Eban Holds Greek Government Partly Responsible for Grenade Incident at El Al Office

Foreign Minister Abba Eban holds alleged vacillation by the Greek Government partly to blame for Thursday’s grenade attack on the El Al ticket office in the heart of Athens which killed one and injured 14 persons. Mr. Eban claimed in a radio interview that it was no coincidence that the terrorists selected Greece for the second time to attack El Al installations. He said they may have felt encouraged by a reported announcement by the Greek Government that it was postponing the murder trial of two Arab saboteurs who attacked an El Al plane at Athens airport 11 months ago. The Athens Government has since announced that the terrorists will be brought to trial in February. Israeli sources said yesterday that Greek authorities had been warned in advance of the presence of Arab terrorists in Athens and the likelihood of an attack on the El Al office. They said the warning came from Israeli intelligence agents but the Greek authorities took no preventive measures.

It was reported from Athens today that Greek public opinion has been aroused against the Jordanian grenade hurler and on accomplice as a result of death of a two-year old Greek. George Nastos. The youngster was in the El Al office at the time of the attack with his parents who were preparing to go to Canada. He suffered fatal brain injuries.

The two captured Jordanians. Elias Derkarabetian, 23. and Mansour Murat, 21. appeared before an investigating magistrate in Athens. Judge Pandelis Andreou. and asked for time to prepare their defense. Derkarabetian. who threw the grenade, will be charged with premeditated murder, willful manslaughter, damage to foreign property and illegal possesion of explosives. Murat will be charged as his accomplice.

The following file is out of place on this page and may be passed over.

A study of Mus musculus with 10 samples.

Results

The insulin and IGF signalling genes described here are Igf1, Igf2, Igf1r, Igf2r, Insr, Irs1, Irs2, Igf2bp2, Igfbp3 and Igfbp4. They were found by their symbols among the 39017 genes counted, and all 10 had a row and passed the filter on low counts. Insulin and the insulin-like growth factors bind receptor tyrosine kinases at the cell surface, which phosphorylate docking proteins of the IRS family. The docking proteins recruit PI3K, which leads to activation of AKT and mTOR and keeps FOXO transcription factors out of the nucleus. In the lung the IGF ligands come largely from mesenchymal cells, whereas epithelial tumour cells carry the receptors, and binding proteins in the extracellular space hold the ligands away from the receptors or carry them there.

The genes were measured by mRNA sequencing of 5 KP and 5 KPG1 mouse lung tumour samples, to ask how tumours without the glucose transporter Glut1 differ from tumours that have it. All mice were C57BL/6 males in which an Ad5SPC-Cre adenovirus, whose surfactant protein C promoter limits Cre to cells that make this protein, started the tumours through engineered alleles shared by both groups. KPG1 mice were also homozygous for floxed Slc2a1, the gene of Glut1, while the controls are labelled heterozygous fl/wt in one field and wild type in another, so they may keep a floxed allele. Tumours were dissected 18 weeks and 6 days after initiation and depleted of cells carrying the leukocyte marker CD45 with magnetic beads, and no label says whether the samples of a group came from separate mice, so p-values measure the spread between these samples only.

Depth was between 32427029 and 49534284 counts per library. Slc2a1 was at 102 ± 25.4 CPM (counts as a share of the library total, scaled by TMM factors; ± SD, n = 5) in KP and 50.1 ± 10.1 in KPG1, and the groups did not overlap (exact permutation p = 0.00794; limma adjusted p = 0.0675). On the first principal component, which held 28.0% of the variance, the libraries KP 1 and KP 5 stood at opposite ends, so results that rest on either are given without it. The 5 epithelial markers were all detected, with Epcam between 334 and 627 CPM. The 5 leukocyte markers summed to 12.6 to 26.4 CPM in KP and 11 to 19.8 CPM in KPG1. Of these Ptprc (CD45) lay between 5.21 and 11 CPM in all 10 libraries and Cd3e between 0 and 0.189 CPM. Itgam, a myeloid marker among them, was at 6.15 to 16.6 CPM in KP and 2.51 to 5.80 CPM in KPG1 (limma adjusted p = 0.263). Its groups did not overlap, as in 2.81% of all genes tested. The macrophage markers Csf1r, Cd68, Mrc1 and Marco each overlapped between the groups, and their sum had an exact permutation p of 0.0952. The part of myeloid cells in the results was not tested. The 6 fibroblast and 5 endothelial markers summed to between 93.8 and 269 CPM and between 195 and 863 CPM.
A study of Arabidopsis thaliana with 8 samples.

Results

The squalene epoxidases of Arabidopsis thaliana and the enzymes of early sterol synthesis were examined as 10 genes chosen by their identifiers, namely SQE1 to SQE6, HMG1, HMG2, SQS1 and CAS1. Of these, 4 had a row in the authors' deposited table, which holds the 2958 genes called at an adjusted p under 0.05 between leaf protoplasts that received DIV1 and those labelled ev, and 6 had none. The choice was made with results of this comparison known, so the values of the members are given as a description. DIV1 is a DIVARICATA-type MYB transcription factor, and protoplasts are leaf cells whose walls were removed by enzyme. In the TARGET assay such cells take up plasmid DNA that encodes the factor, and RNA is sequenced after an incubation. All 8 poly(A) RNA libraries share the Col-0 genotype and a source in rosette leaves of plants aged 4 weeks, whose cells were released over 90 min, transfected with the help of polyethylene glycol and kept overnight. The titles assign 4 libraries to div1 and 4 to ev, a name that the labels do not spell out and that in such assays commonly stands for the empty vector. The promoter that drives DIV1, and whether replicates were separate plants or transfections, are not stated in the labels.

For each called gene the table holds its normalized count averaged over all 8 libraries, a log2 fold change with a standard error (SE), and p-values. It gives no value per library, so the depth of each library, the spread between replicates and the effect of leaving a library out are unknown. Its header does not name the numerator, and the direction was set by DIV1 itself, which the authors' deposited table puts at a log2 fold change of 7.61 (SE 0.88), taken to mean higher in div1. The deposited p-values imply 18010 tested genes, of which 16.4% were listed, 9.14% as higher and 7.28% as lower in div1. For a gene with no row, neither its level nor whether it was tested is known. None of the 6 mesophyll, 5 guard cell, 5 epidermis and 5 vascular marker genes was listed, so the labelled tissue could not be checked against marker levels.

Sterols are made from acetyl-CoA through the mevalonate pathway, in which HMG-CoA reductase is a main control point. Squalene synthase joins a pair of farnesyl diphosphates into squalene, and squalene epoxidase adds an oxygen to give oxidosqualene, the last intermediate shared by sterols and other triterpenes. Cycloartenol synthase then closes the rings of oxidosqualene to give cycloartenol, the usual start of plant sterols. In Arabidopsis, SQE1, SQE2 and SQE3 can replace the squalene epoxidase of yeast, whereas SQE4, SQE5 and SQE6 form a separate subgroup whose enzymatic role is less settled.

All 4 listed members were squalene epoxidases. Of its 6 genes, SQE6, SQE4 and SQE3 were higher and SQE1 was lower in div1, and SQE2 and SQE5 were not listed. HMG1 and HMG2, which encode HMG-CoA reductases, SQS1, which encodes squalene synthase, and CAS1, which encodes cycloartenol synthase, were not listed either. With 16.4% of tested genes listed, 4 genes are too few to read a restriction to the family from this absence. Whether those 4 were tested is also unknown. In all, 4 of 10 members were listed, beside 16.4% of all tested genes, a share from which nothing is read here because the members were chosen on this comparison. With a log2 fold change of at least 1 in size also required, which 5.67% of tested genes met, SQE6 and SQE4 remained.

In New York, commenting on bombing of an El Al office in Athens, Rabbi Israel Miller, chairman of the American Zionist Council, said “it once again points up the need for immediate and effective action by all governments against acts of terrorism committed by Arab guerrillas outside the Middle East.” He said that “it was obvious that bombs cannot distinguish between citizens of one country and another–and unless the full penalties of the law are applied to these terrorists, the governments upon whose territories these insane actions are perpetrated are inviting chaos and terror to be the order of the day in international civil aviation.”